Rays share valued memories of Don Zimmer

Don Zimmer spent 66 years in professional baseball, 56 of those in some capacity at the major-league level.


Here’s a collection of thoughts Thursday afternoon from the Rays clubhouse at Tropicana Field about Zimmer, who served 11 seasons as Tampa Bay’s senior advisor.


"He’s a teacher, a mentor, but more a friend than anything. I can go on and on about so many stories and all the tough love that we had. But the one thing I can always say, every time I walked in, I knew he was going to be here. … I think he’s prolonged our lives. I really do. Like I said, he’s a joy to be around. He’d always have so many stories. He’d take a dismal moment and change everything just by looking at him. Something was going to come out of his mouth, whether it was funny, whether it was serious. But he was going to say something."


"It’s extremely rare for somebody to go about his time and his work with the care and the concern for everybody in the clubhouse, for everybody in the organization. I think the thing that meant the most, that showed how rare (he was), was the fact that he and his wife’s relationship and their family (was strong). One thing he told my wife once is that she (Jean, Zimmer’s wife) never knew whether he had a good game or a bad game when he came home from the ballpark. He was just the same Zim all the time, and that says something. It says something about his consistency and his character, and that’s rare. That’s just very, very rare to spend so many years in the game and (it) not only doesn’t make you crazy, but you’re a good man at the same time."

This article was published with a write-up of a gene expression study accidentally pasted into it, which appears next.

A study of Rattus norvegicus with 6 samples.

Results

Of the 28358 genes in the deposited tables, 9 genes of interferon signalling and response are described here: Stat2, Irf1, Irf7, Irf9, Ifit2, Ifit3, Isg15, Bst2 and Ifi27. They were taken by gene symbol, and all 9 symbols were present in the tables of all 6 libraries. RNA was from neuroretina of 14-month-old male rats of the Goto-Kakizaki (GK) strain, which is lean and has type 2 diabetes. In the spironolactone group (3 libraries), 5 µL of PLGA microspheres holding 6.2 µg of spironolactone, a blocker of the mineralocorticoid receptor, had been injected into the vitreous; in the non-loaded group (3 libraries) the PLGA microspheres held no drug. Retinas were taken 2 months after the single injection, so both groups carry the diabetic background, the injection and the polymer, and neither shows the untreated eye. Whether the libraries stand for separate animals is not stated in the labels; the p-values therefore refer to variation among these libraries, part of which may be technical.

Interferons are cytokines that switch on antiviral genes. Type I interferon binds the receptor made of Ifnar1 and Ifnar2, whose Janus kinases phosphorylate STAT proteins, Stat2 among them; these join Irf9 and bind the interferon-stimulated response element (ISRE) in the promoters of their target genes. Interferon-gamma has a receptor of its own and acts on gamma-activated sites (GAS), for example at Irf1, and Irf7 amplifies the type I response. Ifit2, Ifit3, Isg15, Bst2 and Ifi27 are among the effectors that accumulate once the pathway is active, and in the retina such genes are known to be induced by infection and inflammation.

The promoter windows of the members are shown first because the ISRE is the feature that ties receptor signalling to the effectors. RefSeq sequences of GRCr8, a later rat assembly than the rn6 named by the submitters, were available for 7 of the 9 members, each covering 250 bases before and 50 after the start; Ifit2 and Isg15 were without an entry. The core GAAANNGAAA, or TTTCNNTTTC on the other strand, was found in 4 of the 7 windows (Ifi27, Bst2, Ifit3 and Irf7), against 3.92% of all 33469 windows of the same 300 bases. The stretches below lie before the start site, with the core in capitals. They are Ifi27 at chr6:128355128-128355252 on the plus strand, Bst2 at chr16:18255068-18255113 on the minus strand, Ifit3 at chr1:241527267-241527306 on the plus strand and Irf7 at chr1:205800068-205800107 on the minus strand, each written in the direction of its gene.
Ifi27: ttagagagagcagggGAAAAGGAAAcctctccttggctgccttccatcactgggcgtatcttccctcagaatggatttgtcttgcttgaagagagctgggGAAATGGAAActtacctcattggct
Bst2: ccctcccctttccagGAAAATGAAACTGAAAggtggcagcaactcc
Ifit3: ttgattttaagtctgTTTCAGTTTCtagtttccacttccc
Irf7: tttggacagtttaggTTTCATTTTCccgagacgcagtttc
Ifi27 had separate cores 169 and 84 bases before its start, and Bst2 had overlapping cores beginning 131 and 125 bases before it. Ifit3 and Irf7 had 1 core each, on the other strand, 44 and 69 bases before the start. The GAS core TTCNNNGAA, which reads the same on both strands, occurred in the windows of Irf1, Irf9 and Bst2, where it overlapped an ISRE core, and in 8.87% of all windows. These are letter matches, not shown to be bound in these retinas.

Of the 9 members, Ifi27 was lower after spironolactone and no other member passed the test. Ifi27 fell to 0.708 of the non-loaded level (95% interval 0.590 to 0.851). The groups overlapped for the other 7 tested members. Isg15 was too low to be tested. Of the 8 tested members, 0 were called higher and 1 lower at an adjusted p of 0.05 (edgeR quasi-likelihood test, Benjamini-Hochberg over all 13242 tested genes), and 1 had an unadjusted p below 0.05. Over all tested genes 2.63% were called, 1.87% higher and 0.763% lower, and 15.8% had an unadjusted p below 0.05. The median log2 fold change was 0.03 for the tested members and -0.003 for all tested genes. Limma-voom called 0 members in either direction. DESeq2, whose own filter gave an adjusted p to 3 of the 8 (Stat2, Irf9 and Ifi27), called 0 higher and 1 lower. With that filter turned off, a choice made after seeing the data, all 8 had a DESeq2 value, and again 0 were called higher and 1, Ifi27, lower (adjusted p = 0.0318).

Remembering Don Zimmer

"You feel like a little kid around the campfire listening to some old stories. It’s pretty special when you think about guys like Yogi (Berra) and guys who have been around the game for a while — they’re kind of living legends. Zim was definitely one of those. … I just remember having some cool conversations about anything and everything, Mostly, obviously, about baseball and the way it used to be and how it is now and how much it has changed and how to play the game the right way and how things are viewed differently now. You just have to take every day and as Zim would want every player to be — just give it everything you’ve got. You play hard, and you play through a lot of things. Things aren’t always going to go the way you want. But you have to find a way."


"He told me so many stories about Jackie Robinson, something that I can read about but never get — he was there, first-hand experience. So that was always special to me. Learning about a legend through another legend and to know that Don was on his side, was on Jackie’s side, just tells you about the person that he was. … Most of his teammates at the time weren’t on his side, and Zim was. So utmost respect, whether he had 66 years in the game or one. The fact that he was on his side shows you what type of character he had."


"I’ve been around some guys who don’t sugarcoat it. And I really appreciate the guy that doesn’t sugarcoat it. I do, personally. I think the way a lot of the world revolves or works today, you have to be more politically correct in conversations so you don’t hurt somebody’s feelings. … I think it’s the combination of the simplicity and his directness and then of course the face — a very disarming (face). Don’t be deceived with this bulldog kind of exterior. (He was) probably the biggest softie you’ve ever met in your life underneath. So he was this amalgam of different people wrapped up into this one guy that comes along very, very infrequently."

You can follow Andrew Astleford on Twitter @aastleford or email him at aastleford@gmail.com.